The Michael Nyman Band

Liverpool Philharmonic Hall, Hope Street
25th April 2014

Reviewed by Joe Coventry

Nyman & The Baroque

It was raining cats and dogs outside. Inside it would shortly be raining down sounds of another order altogether. The Michael Nyman Band had finally arrived in town for a much awaited concert and his ardent band of followers were up for it. In the hall the expectation was palpable as the eleven strong band and its eponymous leader strode onto the stage.

The players banked up in two phalanxs of six : on the right a mainly brass section and guitar; on the left a string quartet, french horn and the composer himself at the piano, for what would be not your normal classical evening at the Phil. Besides a missed full house another notable feature was the age of the audience, with many younger faces than at a typical classical concert here. Further the programme was not as glossy as it might have been - a single A5 sheet resembling a restaurant menu.

Tonight was also a trip down memory lane for Peter Greenaway fans; his collaborationist film scores with Nyman in the 1980's central to the evenings entertainment. Two iconic pieces from The Draughtman's Contract 'Chasing Sheep is Best Left to Shepherds' and 'An Eye for Optical Theory got events underway - an homage to Purcell but setting the minimalist repetitive style for what was to follow. 'Prawn Watching' and 'Time Lapse' from A Zed and Two Noughts, had the manic strings and blaring brass reflecting the sustained layering of modular transpositions of decomposition, captured in musical space.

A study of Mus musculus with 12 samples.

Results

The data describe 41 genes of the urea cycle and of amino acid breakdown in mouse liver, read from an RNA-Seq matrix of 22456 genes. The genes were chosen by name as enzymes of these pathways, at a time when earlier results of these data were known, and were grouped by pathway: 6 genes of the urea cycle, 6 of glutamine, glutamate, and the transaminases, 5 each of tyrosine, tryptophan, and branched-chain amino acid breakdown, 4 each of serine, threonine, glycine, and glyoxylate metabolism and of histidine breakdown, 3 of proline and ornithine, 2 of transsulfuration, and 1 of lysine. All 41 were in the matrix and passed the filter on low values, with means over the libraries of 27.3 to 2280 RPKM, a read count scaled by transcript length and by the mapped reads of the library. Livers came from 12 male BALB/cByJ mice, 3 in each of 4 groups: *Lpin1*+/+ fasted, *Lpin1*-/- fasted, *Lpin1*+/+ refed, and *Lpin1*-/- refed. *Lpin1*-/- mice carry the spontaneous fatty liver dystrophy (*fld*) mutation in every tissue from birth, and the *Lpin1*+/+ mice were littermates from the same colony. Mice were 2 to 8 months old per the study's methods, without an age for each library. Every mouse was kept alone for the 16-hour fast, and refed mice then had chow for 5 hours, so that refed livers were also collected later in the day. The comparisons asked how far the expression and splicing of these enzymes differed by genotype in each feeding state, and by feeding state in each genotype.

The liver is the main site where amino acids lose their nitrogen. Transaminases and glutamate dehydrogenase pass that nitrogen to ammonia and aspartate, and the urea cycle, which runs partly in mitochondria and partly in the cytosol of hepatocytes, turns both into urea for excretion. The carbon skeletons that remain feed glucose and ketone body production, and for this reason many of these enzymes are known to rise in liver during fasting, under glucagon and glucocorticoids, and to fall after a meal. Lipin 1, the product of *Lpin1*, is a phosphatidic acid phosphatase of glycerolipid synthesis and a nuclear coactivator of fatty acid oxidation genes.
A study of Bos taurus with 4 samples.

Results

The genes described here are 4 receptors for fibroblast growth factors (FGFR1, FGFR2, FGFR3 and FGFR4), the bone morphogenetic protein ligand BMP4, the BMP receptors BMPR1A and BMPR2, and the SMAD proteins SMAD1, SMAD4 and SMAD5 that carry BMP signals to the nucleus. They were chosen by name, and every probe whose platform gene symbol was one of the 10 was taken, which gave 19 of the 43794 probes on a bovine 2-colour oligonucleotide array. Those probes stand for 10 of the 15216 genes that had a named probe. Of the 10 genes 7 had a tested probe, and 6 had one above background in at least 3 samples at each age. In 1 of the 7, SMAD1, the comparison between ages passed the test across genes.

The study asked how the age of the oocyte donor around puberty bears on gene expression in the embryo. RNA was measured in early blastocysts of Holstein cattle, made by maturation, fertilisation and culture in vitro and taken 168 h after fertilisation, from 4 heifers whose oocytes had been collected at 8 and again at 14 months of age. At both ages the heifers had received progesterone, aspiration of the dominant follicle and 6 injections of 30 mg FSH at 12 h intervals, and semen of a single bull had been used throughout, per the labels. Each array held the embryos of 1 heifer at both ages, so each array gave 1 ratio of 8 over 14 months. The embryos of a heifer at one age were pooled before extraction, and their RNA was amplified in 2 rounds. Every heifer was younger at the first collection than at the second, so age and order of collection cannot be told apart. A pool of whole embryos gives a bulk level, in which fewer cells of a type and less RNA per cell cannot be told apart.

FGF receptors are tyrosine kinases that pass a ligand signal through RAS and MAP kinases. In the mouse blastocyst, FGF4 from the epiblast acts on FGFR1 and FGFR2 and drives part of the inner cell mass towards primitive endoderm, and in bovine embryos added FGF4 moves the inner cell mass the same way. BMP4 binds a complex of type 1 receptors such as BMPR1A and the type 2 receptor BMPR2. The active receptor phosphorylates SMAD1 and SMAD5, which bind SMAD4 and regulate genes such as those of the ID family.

The first half ended with The Musicologist Scores. At over 21 minutes, and demanding more attention span from the listener, it's slowly evolving harmonic re-ordering of discrete phases included a rare outing for flute as the collective individually strove to outdo each other.

To the delight of most, in the interval the composer sat at a table groaning with CD's, but was equally as happy to autograph any proffered tickets placed before him.

Part two started with Memorial, a 12 minute reflection, which Nyman informed everyone will form the basis of his 11th Symphony, 'Hillsborough Memorial'. It is to have its world premiere in the city's Anglican Cathedral this July. One over enthusiastic fan was evicted from his seat at the end of this moving piece for being too vocal in his applause.

'Come onto these Yellow Sands' was not an invitation to Freshfield Beach but a musical invocation from Prospero's Books, as the mage and composer alike worked their respective magic on stage and screen.

Next up a 2009 departure, 'In Turin' from a joint enterprise with David McAlmont capturing events making the news that year. In quick succession 'Gliding', 'Synchronising', 'Coupling' and 'Splashing' from the 1984 film Water Dances brought the advertised programme to a close.

Frenetic and demanding as the bowing and blowing had been, the visceral hypnotic repetitions and abrupt changes in tempi, timbre and rhythm, orchestrated by the page turning pianist, were not over yet.

Four standing ovations after four encores bore testimony to how much the concert had been enjoyed by those present; finally this modern day exploration of the Baroque style was over.